Thursday, December 9, 2010
General Motors-led consortium to deliver hydrogen infrastructure to Hawaii by 2015
The Hawaii Hydrogen Initiative aims to integrate hydrogen into efforts to reduce the state’s 90 per cent dependence on imported oil.
The consortium’s goal is to install between 20 and 25 hydrogen stations in strategic locations around the island.
‘Hydrogen, used as a fuel, will reduce our dependence on petroleum starting today,’ said The Gas Company CEO Jeff Kissel.
The plan builds on a memorandum of understanding between General Motors and The Gas Company, which is one of Hawaii’s major utilities.
While The Gas Company produces enough hydrogen to power up to 10,000 fuel cell vehicles, General Motors fields the world’s largest fuel cell demonstration fleet.
The partners are evaluating methods to distribute hydrogen through existing natural gas pipelines in order to address the long-standing problem of how to cost effectively produce and distribute hydrogen.
‘In Hawaii, we want to address the proverbial chicken or egg dilemma,’ said Charles Freese, executive director of General Motors’ fuel cell operations.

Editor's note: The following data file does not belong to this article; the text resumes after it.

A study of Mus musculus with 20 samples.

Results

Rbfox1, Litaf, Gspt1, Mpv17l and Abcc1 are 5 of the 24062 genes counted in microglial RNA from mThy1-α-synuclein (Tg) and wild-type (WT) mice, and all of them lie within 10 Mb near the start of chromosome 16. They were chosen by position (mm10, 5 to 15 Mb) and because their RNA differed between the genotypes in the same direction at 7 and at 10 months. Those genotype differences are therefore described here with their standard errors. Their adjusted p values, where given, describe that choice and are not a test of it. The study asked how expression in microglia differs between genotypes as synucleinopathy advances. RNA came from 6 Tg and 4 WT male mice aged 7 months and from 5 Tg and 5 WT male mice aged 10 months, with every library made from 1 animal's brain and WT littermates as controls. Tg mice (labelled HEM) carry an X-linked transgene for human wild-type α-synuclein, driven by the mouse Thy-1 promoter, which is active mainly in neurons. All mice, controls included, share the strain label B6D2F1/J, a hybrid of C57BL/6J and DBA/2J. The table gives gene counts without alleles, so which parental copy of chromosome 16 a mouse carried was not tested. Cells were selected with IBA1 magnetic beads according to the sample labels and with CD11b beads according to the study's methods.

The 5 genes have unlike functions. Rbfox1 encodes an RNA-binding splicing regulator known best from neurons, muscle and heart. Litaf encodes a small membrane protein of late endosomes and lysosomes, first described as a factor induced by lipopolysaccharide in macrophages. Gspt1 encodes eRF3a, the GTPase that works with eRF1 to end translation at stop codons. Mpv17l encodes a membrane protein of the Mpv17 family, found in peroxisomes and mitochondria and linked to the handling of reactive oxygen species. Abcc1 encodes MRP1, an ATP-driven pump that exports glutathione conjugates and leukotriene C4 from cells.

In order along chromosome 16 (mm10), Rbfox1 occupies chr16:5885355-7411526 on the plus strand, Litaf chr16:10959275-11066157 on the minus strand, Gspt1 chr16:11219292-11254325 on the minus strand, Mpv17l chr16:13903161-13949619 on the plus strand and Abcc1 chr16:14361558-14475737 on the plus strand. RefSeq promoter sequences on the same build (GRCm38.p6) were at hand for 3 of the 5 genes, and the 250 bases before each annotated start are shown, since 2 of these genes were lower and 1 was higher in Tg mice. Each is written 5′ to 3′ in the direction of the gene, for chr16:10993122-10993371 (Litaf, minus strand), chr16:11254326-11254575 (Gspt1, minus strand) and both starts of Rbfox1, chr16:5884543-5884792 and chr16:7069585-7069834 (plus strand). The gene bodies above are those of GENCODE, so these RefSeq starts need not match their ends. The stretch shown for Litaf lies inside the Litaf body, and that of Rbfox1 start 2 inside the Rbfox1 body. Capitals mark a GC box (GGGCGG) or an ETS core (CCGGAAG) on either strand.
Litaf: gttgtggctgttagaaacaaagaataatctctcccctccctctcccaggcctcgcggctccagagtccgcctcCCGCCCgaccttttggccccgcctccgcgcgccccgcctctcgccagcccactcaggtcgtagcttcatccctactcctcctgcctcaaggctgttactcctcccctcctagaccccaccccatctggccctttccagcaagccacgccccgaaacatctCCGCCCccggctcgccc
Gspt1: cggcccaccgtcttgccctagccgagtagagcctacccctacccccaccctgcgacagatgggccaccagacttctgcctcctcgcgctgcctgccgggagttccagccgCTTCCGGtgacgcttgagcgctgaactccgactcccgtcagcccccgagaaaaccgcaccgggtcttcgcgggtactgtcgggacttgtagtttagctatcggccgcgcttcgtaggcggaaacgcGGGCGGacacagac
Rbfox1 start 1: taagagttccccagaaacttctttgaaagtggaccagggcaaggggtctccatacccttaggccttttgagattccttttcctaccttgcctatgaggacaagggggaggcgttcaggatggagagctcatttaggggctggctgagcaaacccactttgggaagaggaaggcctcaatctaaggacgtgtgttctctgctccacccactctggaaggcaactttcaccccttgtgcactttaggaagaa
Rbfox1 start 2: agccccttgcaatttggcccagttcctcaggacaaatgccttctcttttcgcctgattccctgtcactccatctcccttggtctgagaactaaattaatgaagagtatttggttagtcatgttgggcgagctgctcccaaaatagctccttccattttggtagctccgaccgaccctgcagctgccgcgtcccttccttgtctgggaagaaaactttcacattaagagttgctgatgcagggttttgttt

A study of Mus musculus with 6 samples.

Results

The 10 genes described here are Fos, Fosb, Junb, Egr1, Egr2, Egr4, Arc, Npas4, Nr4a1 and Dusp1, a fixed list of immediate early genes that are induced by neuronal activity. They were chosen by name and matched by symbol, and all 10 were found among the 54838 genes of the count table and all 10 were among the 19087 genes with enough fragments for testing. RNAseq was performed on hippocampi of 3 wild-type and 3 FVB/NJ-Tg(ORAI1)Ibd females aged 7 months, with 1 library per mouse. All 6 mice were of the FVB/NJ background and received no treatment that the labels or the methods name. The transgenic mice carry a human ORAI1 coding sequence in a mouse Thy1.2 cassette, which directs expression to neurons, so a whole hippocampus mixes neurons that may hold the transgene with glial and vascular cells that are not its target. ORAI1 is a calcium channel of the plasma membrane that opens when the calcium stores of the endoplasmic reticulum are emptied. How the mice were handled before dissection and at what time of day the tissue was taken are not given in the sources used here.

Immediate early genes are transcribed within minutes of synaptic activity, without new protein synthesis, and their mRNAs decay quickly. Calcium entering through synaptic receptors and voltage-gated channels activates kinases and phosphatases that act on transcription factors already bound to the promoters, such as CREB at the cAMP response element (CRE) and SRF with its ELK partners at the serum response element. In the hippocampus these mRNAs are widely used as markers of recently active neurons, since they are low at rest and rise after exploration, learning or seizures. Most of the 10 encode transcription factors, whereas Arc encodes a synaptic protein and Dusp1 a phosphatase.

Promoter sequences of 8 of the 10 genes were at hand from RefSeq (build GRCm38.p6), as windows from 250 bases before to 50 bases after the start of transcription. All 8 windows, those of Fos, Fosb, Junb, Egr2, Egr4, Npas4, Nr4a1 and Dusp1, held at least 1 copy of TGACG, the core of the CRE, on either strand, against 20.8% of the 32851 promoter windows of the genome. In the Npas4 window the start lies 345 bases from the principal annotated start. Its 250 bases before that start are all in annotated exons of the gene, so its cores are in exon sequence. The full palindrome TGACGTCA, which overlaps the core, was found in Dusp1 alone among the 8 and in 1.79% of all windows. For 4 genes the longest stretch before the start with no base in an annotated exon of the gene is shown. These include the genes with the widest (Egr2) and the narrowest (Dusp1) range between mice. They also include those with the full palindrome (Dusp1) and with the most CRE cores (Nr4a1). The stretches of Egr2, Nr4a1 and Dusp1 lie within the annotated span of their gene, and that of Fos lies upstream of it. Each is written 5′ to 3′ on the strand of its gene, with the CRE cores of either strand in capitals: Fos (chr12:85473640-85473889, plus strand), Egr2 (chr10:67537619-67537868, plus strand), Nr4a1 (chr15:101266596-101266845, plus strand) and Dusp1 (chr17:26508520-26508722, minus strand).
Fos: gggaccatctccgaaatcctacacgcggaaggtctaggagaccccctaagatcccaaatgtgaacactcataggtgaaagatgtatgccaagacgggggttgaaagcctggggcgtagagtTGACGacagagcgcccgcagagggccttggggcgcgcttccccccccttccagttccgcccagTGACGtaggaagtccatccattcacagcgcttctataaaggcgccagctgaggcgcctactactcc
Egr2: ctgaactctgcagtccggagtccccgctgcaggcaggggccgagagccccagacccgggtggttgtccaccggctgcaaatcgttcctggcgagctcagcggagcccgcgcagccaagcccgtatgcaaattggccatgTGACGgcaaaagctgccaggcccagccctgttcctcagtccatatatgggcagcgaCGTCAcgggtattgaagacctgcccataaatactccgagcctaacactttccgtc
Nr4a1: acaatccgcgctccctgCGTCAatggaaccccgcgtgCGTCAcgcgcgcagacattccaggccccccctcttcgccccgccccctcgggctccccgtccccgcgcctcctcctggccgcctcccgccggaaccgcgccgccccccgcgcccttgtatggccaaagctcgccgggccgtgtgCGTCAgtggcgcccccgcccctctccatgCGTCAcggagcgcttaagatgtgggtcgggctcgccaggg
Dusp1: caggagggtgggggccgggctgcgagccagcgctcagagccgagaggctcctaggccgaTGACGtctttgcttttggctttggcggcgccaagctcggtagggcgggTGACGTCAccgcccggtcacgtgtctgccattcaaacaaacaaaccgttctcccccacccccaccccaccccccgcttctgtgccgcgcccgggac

‘There has always been a looming issue over how to ensure that the vehicles and the necessary hydrogen refueling infrastructure are delivered to market at the same time.’
The hydrogen initiative in the Hawaii will pave the way for building hydrogen infrastructure within a set time frame that can be adopted by other US states, as well as in Europe and Asia, according to Freese.
‘Germany, Japan and Korea are all building hydrogen infrastructures within this same timeframe. The work in Hawaii can provide a template for other regions,’ said Freese.
The Department of Business, Economic Development and Tourism and the US Department of Energy (DOE) are partnering on the Hawaii hydrogen initiative, together with US marine and army forces and clean energy companies such as FuelCell Energy.
Hawaii launched the Hawaii Clean Energy Initiative in partnership with the US DOE in 2008, with a goal of generating 70 per cent of the state’s power from renewable or energy efficient sources. Read more here.